HuffPost: How did you end up in Sierra Leone?
Trenchard: I'm a writer and photographer, and I traveled before through Sierra Leone just by chance. It's a beautiful country, and it really struck me. I've been living there for the past two years now.
You've been living in Sierra Leone since before the Ebola outbreak began. How different is life there now? Click read more to see the empty streets.
Nigeria, Senegal are halting its spread, the World Health Organization said, although the overall death toll rose.
The Ebola epidemic in West Africa, already ghastly, could get worse by orders of magnitude, killing hundreds of thousands of people and embedding itself in the human population for years to come, according to two worst-case scenarios from scientists studying the historic outbreak.
The virus could potentially infect 1.4 million people in Liberia and Sierra Leone by the end of January, according to a statistical forecast by the U.S. Centers for Disease Control and Prevention published Tuesday. That number came just hours after a report in the New England Journal of Medicine warned that the epidemic might never be fully controlled and that the virus could become endemic, crippling civic life in the affected countries and presenting an ongoing threat of spreading elsewhere.
These dire scenarios from highly respected medical sources were framed, however, by optimism from U.S. officials that an accelerated response can and will contain the outbreak in the weeks and months ahead.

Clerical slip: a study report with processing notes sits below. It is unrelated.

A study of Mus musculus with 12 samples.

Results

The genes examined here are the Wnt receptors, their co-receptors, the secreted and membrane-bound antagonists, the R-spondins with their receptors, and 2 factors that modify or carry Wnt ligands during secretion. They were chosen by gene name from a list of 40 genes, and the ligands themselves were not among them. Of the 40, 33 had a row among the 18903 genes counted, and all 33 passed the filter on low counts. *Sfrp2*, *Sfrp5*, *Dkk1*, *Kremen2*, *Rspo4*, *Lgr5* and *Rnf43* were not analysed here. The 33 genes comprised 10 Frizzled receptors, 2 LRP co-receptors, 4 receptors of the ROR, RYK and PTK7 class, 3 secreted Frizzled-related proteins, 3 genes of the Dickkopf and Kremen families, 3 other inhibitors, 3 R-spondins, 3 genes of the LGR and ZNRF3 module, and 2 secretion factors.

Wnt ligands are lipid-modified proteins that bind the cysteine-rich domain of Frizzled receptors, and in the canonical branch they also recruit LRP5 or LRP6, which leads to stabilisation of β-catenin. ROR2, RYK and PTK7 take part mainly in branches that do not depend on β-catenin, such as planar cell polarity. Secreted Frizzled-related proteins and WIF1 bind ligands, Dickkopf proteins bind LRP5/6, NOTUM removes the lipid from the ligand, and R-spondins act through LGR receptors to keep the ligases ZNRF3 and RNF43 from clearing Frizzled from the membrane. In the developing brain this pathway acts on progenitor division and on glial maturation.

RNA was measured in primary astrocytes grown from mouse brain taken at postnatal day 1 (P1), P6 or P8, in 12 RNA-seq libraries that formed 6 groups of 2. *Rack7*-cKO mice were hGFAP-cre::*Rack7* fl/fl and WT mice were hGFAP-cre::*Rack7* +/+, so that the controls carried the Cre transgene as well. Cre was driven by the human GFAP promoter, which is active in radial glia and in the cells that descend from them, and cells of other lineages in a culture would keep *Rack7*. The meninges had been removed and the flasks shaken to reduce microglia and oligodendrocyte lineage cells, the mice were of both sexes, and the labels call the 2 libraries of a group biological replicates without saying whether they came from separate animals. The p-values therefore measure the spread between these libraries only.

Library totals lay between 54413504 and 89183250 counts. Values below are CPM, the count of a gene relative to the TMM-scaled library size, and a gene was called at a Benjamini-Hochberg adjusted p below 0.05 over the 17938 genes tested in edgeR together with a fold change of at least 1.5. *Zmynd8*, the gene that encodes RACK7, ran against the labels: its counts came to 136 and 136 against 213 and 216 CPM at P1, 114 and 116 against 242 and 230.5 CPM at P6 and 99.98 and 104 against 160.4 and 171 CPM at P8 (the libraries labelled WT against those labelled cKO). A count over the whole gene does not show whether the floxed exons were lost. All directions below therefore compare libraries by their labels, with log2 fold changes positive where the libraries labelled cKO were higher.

The following is based on translations from Chinese media:
So far there has been no news about Chinese nuclear submarine cruising near the US. There has been official confirmation from China that a Chinese nuclear submarine operated in the Indian Ocean for a short period of time.
US nuclear submarine commander Benjamin Person (transliteration from Chinese) recently laughed at China, saying that Chinese nuclear submarines had never been active near the United States. He is happy that his nuclear submarine has been active in the seas near China for a long time.
This qianzhan.com article comments on Person’s words, saying that China obviously lags behind the US, but it has been making great efforts to catch up. China has established a coastal anti-submarine network and improved and upgraded the equipment of its anti-submarine aircraft and warships.
By Scott Malone (Reuters) - The failed Scottish vote to pull out from the United Kingdom stirred secessionist hopes for some in the United States, where almost a quarter of people are open to their states leaving the union, a new Reuters/Ipsos poll found.
Some 23.9 percent of Americans polled from Aug. 23 through Sept. 16 said they strongly supported or tended to support the idea of their state breaking away, while 53.3 percent of the 8,952 respondents strongly opposed or tended to oppose the notion.
The urge to sever ties with Washington cuts across party lines and regions, though Republicans and residents of rural Western states are generally warmer to the idea than Democrats and Northeasterners, according to the poll.
MANILA, Philippines (AP) — The Philippines' most active volcano has sent more huge lava fragments rolling down its slopes in an ongoing gentle eruption that has prompted authorities to evacuate thousands of villagers, officials said Wednesday.
The Philippine Institute of Volcanology and Seismology has warned that a "hazardous eruption" of Mount Mayon, located in the eastern Philippines, is possible within weeks.
Over the past few years, there's been an influx of Chinese money into the U.S., increasing from about $58 million in 2000 to $14 billion in 2013.
The Chinese are interested in acquiring everything American, from companies to commercial and residential real estate. Their motivation is straightforward: They feel their assets are much better protected in the United States. Just this week, Beijing-based studio Huayi Brothers Media Corp. said it planned to spend $130 million in the U.S. to create a subsidiary to distribute movies and TV shows.